Qatar's Prime Minister Sheikh Mohammed bin Abdulrahman Al Thani said this week that negotiations on the release of the hostages captured by Hamas were progressing. With most of the more than 200 hostages still captive or unaccounted for, and Gaza quickly running out of food, water and electricity, international pressure is building on the Persian Gulf state to help secure their release.
Qatar's working relationship with Hamas and its October 7 statement holding Israel fully responsible for the escalation of violence have prompted public furor in the United States, yet analysts see the emirate as an important player in efforts to mediate the conflict.
Qatar's leaders have been key to securing the release of Israeli hostages. Qatari officials helped broker a deal for Monday's release of two Israeli women held by Hamas — days after it negotiated the release of mother-daughter pair Judith and Natalie Raanan.
Qatar has long enjoyed good relations with the U.S. The gas-rich emirate hosts a large U.S. military presence, one of the biggest in the region, at Al Udeid Air Base. The base was built by the Qataris in 1996 and received U.S. acknowledgement in 2002 when then-Vice President Dick Cheney visited.
U.S. relations with the country date to 1972 and center on issues of regional security, energy and education. Qatar cooperates with the U.S. military in conducting counterterrorism and countering violent extremism, running operations as far away as the Horn of Africa.
Following the Taliban's takeover of Afghanistan in August 2021, Qatar's role in coordinating the safe exit of tens of thousands of people — including U.S. citizens and contractors — was invaluable to the American government.
Nearly 40% of all evacuees were taken out via Qatar. In the years leading up to the Taliban takeover, Qatar played a pivotal role in hosting meetings between U.S. officials and members of the Taliban in the capital, Doha, chaired by U.S. special envoy Zalmay Khalilzad. While the talks ultimately failed, they demonstrated the reliance the U.S. places on Qatar as a key intermediary.
For these and other efforts, U.S. President Joe Biden designated Qatar a major non-NATO ally in March 2022.
"I am making this designation in recognition of Qatar's many years of contributions to U.S.-led efforts in the U.S. Central Command area of responsibility and in recognition of our own national interest in deepening bilateral defense and security cooperation with the state of Qatar," the president wrote in a letter to Congress.
More recently, Qatar facilitated the release of five American prisoners held in Iran, as well as the release of Ukrainian children held by Russia.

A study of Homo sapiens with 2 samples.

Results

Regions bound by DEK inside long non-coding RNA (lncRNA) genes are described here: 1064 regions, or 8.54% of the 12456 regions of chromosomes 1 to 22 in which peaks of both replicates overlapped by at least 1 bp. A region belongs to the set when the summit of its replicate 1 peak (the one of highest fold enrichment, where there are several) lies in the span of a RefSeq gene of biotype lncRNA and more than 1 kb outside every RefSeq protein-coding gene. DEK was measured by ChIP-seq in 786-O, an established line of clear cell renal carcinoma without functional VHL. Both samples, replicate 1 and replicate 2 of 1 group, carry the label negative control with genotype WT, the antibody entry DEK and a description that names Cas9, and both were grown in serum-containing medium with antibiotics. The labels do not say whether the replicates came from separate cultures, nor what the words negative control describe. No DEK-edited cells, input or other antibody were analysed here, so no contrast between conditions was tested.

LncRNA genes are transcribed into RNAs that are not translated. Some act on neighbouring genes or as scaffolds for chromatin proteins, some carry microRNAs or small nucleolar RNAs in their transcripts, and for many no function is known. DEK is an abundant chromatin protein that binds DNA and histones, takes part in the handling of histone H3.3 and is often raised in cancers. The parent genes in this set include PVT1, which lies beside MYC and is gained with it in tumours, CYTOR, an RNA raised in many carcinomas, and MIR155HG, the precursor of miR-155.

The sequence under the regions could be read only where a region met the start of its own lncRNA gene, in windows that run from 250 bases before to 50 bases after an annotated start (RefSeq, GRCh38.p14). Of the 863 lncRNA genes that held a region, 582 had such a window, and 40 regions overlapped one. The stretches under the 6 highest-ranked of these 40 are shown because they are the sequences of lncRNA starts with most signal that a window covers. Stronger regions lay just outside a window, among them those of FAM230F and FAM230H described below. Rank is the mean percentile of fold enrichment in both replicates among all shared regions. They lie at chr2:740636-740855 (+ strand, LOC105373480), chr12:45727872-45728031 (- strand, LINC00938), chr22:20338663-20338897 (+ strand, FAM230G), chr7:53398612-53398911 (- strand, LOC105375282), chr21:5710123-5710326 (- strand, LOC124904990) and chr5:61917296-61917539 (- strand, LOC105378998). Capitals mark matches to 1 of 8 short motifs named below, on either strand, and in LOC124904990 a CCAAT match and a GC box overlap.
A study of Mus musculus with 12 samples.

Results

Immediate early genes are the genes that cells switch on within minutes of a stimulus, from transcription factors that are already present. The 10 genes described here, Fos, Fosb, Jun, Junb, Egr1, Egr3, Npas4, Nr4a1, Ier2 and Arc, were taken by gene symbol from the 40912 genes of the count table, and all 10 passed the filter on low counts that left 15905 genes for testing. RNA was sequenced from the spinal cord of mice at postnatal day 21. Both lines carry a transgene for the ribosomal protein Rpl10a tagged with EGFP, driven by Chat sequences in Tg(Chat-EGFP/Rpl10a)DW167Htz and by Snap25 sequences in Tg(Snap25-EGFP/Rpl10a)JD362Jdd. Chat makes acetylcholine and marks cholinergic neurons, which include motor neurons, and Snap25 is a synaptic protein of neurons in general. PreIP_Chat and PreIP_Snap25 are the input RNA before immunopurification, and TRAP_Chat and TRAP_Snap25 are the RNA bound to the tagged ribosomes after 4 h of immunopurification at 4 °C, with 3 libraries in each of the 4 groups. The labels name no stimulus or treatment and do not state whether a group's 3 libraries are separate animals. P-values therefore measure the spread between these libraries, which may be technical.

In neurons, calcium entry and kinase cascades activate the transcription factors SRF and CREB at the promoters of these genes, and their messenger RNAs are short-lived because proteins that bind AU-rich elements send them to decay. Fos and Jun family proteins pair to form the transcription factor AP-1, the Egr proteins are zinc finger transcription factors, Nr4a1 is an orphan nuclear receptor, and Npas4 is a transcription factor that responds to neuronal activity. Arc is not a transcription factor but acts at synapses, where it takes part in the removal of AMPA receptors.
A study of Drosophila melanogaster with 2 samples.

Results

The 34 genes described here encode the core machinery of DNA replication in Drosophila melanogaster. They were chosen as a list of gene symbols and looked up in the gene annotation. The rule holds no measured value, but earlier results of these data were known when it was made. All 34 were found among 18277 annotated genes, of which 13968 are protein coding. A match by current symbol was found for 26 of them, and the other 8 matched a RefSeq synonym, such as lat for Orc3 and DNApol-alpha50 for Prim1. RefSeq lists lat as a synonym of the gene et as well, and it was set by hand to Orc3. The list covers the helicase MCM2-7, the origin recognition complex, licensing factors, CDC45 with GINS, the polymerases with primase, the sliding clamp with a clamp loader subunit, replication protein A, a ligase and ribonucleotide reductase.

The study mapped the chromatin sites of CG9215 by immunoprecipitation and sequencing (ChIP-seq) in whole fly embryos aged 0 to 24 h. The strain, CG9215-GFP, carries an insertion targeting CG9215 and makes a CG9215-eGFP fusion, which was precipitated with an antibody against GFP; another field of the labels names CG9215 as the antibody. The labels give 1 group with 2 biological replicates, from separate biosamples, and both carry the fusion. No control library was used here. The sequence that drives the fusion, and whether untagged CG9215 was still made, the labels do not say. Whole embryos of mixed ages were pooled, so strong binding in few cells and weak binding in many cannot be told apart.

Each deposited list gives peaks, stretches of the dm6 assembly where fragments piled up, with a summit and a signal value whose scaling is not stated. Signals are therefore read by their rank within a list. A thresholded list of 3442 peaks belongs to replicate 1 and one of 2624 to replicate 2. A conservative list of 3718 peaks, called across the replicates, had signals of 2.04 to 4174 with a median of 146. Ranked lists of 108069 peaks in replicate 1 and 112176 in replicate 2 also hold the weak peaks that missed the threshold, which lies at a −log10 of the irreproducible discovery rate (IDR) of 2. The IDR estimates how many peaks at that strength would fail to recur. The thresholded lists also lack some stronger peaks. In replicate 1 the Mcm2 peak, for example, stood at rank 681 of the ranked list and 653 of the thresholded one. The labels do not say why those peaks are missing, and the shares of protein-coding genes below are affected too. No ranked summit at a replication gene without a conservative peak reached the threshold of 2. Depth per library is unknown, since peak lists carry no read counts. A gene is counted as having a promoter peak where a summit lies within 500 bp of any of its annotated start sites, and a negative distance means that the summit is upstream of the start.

An established record
Qatar began to carve out its role as a credible mediator years ago.
In 2008, when Hezbollah took over key infrastructure installations in Lebanon, including the airport and major seaports, it was Qatar that brought the Shiite group and its Western-backed opponents to the negotiating table. The talks resulted in the Doha Agreement, which prevented the crisis from escalating and plunging Lebanon into another civil war.
Qatar's working relationships with traditional U.S. adversaries such as Iran and Russia — or nonstate groups like Hamas and the Taliban — have made it an invaluable partner for the U.S. and other Western countries.
"Qatar has been a very close partner to the United States on a broad range of issues that are crucial to both of our countries and to this region — from working together on evacuating Americans, Afghans and others from Afghanistan, to cooperating very closely in responding to humanitarian emergencies, like the devastating earthquakes in Turkiye and in Syria," U.S. Secretary of State Antony Blinken told reporters at a press conference in Doha on October 13.
Analysts say the ability of Qatar to maintain good relations with both nonstate armed groups and state actors such as Russia and Iran, while still being a strategic partner to the United States, will continue to enhance its importance on the global stage.
"Qatar is framing this achievement — and associated praise from the U.S. — as proof that it is correct in its strategy of keeping communication lines open with multiple opposing actors. Its role in the current conflict is giving its geopolitical ambitions a boost," Lina Khatib, director of the SOAS Middle East Institute at SOAS University of London, wrote in an article this week for Barron's. She is also an associate fellow at Chatham House.
Others say connections with groups like Hamas will bring greater scrutiny to Qatar, the world's third-largest natural gas exporter and home to just 300,000 citizens.
"It's a double-edged sword, and the Qataris need to have the right message, because although the Americans have expressed gratitude and they're earning brownie points from the U.S., their image is getting bruised," Mehran Kamrava, professor of government at Georgetown University Qatar, said in an interview with the Financial Times.